But OPEC maintains global stockpiles will remain below average for Q4/21: File Image/Pixabay
With the analytical community worrying about global crude supply shortages one minute and demand erosion due to possible future Covid outbreaks the next, Thursday saw mixed trading in two key commodities – spurred by the Organization of the Petroleum Exporting Countries (OPEC) saying it expects a tighter global market at the end of this year.
After it was learned that OPEC's Joint Technical Committee had calculated that stockpiles in developed economies will stand 158 million barrels below average, a bigger deficit than the 106 million projected a month ago, West Texas Intermediate rose 15 cents to settle at $82.81 per barrel.
Brent fell 26 cents to settle at $84.32 per barrel.
Amos Hochstein, U.S. advisor for global energy security
Producers should ensure that global oil markets and gas markets are balanced
Overall, hand-wringing over what analysts were convinced was an inevitable energy crunch this winter seems to have abated slightly with Russia's president Vladimir Putin saying his country will send extra gas to the continent next month, and warming relations between Iran and the European Union heralding greater chances of Iranian barrels coming back to the market.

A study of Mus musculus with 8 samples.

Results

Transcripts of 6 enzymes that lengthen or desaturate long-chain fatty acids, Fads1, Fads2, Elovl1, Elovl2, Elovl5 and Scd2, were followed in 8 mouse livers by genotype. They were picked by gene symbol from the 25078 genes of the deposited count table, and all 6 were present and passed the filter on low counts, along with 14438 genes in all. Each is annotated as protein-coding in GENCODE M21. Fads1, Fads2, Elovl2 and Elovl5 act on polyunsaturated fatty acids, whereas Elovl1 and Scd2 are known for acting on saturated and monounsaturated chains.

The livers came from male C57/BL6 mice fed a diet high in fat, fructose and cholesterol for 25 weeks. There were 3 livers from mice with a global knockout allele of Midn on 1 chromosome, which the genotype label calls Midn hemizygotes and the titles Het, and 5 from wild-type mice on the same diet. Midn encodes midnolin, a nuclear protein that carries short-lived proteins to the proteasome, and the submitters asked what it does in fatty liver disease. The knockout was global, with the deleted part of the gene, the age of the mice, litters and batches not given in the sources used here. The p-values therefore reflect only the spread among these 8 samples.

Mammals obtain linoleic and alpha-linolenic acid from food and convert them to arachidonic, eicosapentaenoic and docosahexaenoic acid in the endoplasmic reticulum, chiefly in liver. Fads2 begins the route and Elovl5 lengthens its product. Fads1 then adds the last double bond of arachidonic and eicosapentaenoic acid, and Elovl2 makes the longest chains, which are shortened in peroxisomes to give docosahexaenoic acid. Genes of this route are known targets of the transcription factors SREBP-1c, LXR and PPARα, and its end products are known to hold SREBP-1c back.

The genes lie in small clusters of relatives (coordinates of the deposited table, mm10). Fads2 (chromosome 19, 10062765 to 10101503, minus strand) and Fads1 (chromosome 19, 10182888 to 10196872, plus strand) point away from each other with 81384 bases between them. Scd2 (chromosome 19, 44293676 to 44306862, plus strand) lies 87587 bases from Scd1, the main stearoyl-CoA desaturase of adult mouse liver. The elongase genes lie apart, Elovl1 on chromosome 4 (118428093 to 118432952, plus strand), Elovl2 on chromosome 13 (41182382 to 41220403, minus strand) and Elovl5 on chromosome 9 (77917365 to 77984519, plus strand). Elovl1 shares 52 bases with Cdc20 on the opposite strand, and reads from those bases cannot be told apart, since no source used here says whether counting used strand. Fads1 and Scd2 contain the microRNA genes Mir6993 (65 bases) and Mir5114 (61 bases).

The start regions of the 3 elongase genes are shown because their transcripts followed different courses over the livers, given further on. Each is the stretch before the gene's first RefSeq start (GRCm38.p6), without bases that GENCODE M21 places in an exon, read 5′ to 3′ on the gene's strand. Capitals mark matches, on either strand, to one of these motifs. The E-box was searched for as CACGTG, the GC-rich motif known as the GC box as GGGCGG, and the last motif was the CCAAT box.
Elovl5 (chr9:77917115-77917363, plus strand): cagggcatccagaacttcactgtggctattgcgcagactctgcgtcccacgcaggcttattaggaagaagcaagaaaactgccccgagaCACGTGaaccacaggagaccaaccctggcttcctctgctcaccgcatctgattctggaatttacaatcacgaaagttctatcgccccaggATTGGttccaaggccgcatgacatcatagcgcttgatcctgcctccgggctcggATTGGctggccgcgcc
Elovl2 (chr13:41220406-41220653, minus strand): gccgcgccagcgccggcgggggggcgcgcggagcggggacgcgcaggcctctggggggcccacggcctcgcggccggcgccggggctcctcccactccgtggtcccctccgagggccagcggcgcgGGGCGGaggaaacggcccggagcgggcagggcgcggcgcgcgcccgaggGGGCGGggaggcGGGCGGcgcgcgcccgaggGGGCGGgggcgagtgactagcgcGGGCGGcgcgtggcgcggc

Additionally, Amos Hochstein, the U.S. senior advisor for global energy security, on Thursday pushed for higher production by stating, "Producers should ensure that global oil markets and gas markets are balanced"; this came on the heels of supplies at the Cushing, Oklahoma storage hub dropping another 1.8 million barrels last week, according to Wood Mackenzie.
Unsurprisingly, refiners are being declared the big winners as stockpiles around the world deplete: Steve Sawyer, analyst at Facts Global Energy, said about 2.3 million barrels per day (bpd) of refining capacity internationally was shut during the pandemic and another 1 million barrels are likely to be shut in the next year – and this mean refiners are enjoying hefty margins.
In the U.S., the Nymex gasoline crack (a gauge of the margin refiners can obtain from a barrel of crude based on futures prices), was trading above $16 per barrel on Thursday, the highest since 2017.
But not everyone is enjoying the bounties of the demand surge: Canada's heavy crude price reportedly collapsed at Cushing with a discount of $7 per barrel less than the price at the Canadian hub, due to refiners shunning heavy and high sulfur crude for lighter grades that are cheaper to process.